On itchy nights when he couldn't sleep, Clark Kent made his way down to the memorial.
No matter what time of day or night, there was always somebody there. Almost as if it were a planned 24-7 vigil.
A part of Clark wondered how long this would last. A part of him didn't want to ponder the answer to that question.
As Clark strode over to the memorial, he saw a man place several items at the base of the statue then take a seat at the bench in front of it. Curious, Clark looked to see what it was it wasn't the usual flowers or a teddy bear. A bottle of Soder Cola, a double cheeseburger, fries, and ... a small wooden sword and shield, beautifully carved and painted with the S.
Clark bit his lip thoughtfully for a few moments before taking a seat on the other end of the bench. Neither of them said anything for several moments, just gazed at the statue, until a deep, pensive sigh drew Clark's attention.
A large man, almost his height. Short, neatly cropped black hair. His almost preternatually blue eyes had an intensity that rivaled Batman's. But it was not that, nor the lightning bolt logo on his black polo shirt which caused Clark to start out of his seat. The man had pointed ears.
A heavy, disgusted, eye rolling sigh. "Would you please just sit down? I'm just here to ... to " he gestured at the memorial.
"I'm sorry," Clark replied, "it's just not every day that I sit down next to "
"The black sheep of the family?"
"Something like that," Clark laughed a bit nervously then extended his hand. "Clark Kent."
A firm, assured grip. "Teth Adam." He leaned back on the bench and said, "You are a renown investigative journalist. It is I who should fear you."
"Not at the moment." Clark gave a quirky smile. Then. "So, why are you here?"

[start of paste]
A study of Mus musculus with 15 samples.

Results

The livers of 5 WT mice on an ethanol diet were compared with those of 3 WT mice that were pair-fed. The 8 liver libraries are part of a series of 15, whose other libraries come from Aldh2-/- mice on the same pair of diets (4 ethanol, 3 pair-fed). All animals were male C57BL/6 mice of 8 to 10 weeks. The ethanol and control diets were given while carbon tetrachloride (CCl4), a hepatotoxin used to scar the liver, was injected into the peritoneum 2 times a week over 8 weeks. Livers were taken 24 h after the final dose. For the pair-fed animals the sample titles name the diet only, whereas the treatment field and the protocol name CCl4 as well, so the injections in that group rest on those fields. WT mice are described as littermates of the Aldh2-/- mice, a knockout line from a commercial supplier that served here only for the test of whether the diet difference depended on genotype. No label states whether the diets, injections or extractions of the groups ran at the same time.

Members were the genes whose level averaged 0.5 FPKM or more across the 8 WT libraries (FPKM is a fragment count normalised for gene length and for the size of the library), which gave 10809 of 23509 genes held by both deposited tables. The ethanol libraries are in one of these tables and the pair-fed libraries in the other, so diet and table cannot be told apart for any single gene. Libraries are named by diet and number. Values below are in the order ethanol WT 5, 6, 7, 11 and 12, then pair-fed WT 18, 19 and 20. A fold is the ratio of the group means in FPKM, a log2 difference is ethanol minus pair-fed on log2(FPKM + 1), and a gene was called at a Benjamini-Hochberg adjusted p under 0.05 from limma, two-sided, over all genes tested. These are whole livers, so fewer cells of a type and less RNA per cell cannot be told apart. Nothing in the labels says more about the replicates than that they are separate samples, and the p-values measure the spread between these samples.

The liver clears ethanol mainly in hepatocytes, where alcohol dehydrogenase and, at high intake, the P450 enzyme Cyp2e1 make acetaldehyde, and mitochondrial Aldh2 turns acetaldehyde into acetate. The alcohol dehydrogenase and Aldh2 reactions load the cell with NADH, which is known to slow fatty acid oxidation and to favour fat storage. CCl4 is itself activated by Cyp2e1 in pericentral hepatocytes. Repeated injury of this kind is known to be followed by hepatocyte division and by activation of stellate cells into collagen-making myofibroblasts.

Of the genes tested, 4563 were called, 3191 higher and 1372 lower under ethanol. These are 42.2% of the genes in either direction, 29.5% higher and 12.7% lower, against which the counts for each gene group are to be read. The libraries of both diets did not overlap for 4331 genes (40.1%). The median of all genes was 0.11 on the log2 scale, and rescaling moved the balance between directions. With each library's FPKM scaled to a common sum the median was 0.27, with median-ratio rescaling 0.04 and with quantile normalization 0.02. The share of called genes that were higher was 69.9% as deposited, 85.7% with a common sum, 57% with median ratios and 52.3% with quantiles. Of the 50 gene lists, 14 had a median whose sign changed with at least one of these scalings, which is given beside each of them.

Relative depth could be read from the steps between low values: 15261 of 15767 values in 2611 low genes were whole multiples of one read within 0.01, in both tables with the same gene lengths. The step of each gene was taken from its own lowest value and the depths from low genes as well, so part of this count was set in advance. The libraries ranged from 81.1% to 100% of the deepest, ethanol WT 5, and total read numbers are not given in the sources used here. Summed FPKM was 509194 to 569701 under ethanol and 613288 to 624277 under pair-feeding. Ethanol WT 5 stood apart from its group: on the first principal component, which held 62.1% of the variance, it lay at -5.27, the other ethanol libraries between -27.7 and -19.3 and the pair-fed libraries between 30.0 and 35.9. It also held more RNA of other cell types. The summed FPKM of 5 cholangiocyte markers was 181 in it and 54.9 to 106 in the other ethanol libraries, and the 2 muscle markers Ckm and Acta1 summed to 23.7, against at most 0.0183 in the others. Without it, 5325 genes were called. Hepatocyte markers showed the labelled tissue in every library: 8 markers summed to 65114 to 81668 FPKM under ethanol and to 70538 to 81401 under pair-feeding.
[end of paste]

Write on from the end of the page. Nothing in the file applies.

A frown. "Isn't it obvious? To honor him."
Leaning forward, Clark said, "There's more to that story."
Black Adam crossed his arms and slouched down on the bench, his fixed gaze never leaving the statue of Kon. After a long pause he said, "I suppose there are many ways you could 'spin' this. His tragic death. My extreme frustration that the False Superboy is so resistant to magic, that I cannot rid the universe of him. The sheer bad luck of being knocked far enough off the tower that I blinked onto one of the earths, and so could do nothing to aid Superboy when he confronted the False Superboy. The irony that here I am leaving an offering to Superboy, who, had he lived, would doubtless regard me as a dangerous extremist."
Black Adam drew a deep breath and continued, "In a few minutes I shall rise and leave here and decide how I want to deal with a group of hardline fundamentalist Imams who are calling for Sharia law to be the law of the land in Kahndaq. The fact that one of them and the wife in question," and here Black Adam gave a vicious grin "were recently punished for the infibulation of their 9 year old daughter only adds to the tension."
Clark shuddered to think what that penalty entailed. From what he knew, Black Adam's ideas of justice tended towards "an eye for an eye". "I don't see where you're going with this," he interjected.
Black Adam sat up straight, looked him in the eye, and said, "There are many duties in life, Mr. Kent. Some of them are pleasant, some of them are anything but, and some of them are mixed. Respect must be paid to a true and valiant warrior, and though I admire his heroism and bravery more than I can adequately put into words, a pity it is that he died so young. I feel sorry for his parents and friends. I am thankful for his swift, decisive action. My people have another day because of him. We all have another day because of him. I hope he accepts my offerings in the spirit in which they were meant."
"He liked apple pie," Clark blurted before he could stop himself.
"Did he? You knew him?"
Too late to take the words back now. "Yes. I remember that he often had detention and loved to play hooky from school."
Black Adam laughed loudly at that. "I once had a son a few years younger than him. Hurut was often in trouble with his scribes and tutors, and loved to sneak off and spend the afternoon in the marshes with his friends, fishing or frogging. His mother and I " a look of intense pain flashed across his face. "Ah, though we are gods, we are still men," he murmured with a sad smile. Then he stood, his clothes morphing into the more usual form, and said, "Excuse me, I must be going." before flying off into the night.
Clark sat on the bench for another 15 minutes before he packed up the food which he ended up giving to a strung out runaway panhandling in front of an all night copy shop.
He might not be a god any more, but there was still a lot for a man to do.